The Arkansas Department of Human Services has formed a new team to review unexpected child deaths in six Arkansas counties.
The team will review the unexpected deaths of infants and children in Arkansas, Garland, Grant, Hot Spring, Jefferson and Saline counties. DHS says it's the sixth such team in Arkansas as part of the state's Infant and Child Death Review Program.
The program is overseen by Arkansas Children's Hospital's Injury Prevention Center. The teams include representatives from local coroners' offices, law enforcement, prosecutors, DHS and other organizations.
A proposal prohibiting the state lottery from expanding into video monitor games advanced another step Tuesday morning. The Senate State Agencies and Governmental Affairs Committee passed the bill without any dissenting votes. The measure will be taken up for a full Senate vote Tuesday afternoon. The House advanced an identical version Monday.
Democratic Senator David Johnson of Little Rock said even with the limit on lottery games expected to pass this special session exploring new revenue options for declining scholarship amounts will be re-visited.
The Arkansas General Assembly is expected to act on legislation Tuesday changing health insurance for public school employees, adding prison beds, and limiting lottery games. Day one of the special session laid the groundwork for what is expected to be a three day session.
An Arkansas lawmaker has modified his proposal to restrict the lottery from starting monitor-style games such as keno, making it a moratorium rather than an outright ban.
Republican Sen. Jimmy Hickey of Texarkana on Monday filed a proposal that would prohibit the lottery from starting the games until March 13, 2015. Hickey had originally proposed an outright ban on the games, which the lottery had planned to launch this fall.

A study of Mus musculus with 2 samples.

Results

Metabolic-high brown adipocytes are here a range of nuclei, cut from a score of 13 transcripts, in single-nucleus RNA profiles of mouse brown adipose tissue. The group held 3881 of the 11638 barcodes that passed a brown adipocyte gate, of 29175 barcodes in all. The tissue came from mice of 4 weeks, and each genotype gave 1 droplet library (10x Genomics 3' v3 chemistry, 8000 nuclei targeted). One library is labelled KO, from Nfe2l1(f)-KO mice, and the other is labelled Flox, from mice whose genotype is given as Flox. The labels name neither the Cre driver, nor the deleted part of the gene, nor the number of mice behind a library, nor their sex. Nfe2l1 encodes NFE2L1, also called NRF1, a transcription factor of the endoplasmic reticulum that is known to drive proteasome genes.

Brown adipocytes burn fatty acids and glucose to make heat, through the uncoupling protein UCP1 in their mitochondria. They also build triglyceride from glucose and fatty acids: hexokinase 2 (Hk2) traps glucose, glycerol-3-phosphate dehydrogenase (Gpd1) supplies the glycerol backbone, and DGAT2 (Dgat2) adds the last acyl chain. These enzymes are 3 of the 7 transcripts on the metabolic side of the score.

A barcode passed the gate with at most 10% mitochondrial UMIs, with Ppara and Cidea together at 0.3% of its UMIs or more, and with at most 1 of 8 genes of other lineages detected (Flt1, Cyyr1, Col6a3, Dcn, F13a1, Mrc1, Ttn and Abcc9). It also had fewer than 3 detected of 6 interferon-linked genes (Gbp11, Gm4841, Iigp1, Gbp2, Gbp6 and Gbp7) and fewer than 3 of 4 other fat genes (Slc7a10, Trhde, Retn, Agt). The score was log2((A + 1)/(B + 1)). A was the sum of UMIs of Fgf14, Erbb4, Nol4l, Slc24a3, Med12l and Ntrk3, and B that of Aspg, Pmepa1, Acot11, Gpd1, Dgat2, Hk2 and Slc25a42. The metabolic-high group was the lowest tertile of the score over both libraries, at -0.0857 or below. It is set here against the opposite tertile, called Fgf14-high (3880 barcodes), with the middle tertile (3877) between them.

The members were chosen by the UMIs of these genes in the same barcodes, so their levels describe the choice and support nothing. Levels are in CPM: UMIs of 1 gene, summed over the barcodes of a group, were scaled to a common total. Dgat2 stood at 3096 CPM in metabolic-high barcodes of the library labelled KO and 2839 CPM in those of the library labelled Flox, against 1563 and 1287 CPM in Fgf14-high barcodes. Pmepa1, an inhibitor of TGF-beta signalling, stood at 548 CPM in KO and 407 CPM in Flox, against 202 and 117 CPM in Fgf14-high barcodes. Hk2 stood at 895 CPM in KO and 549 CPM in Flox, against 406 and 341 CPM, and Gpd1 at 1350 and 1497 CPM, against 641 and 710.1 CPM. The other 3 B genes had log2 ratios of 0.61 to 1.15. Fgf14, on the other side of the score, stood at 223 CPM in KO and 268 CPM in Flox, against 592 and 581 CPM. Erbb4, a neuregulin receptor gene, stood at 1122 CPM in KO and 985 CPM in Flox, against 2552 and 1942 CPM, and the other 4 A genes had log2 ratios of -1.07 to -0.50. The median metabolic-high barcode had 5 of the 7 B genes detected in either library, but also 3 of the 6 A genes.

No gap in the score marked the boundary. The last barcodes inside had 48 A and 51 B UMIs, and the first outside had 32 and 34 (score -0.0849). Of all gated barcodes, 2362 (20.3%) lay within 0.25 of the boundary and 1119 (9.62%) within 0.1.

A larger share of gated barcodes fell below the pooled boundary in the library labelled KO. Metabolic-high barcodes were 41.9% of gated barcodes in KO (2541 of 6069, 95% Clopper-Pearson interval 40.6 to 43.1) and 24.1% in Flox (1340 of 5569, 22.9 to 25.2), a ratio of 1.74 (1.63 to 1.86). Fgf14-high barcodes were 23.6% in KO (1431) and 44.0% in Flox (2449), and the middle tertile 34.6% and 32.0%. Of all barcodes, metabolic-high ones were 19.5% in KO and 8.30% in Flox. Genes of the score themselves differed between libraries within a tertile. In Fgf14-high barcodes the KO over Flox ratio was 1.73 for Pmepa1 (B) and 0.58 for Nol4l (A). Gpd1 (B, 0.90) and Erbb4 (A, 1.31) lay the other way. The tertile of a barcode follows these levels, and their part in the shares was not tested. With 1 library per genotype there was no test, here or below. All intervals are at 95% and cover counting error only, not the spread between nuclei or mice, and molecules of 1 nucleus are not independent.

The U.S. Forest Service in the southern region is announcing that it's extending a closure order for all caves and mines on its lands for another five years.
The Forest Service says keeping the caves and mines closed to the public until 2019 will help prevent the human spread of white-nose syndrome. That's the devastating infection that is decimating bat colonies and is caused by an invasive fungus that grows in caves.
The Forest Service says the five-year closure period should allow scientists to continue to work on potential solutions to the spread of the disease.
The Pulaski County Jail is again being closed because of overcrowding, with only the most violent offenders to be taken in.
Sheriff Doc Holladay says as of Monday morning, 1,281 inmates were being held, which is 71 over capacity.
“Looking ahead over the next few days with the long holiday weekend coming, it is quite clear that our population is going to continue to grow unless we took some steps to limit access to the facility. Unfortunately the only way we can do that is close the facility to only violent felons,” Holladay said.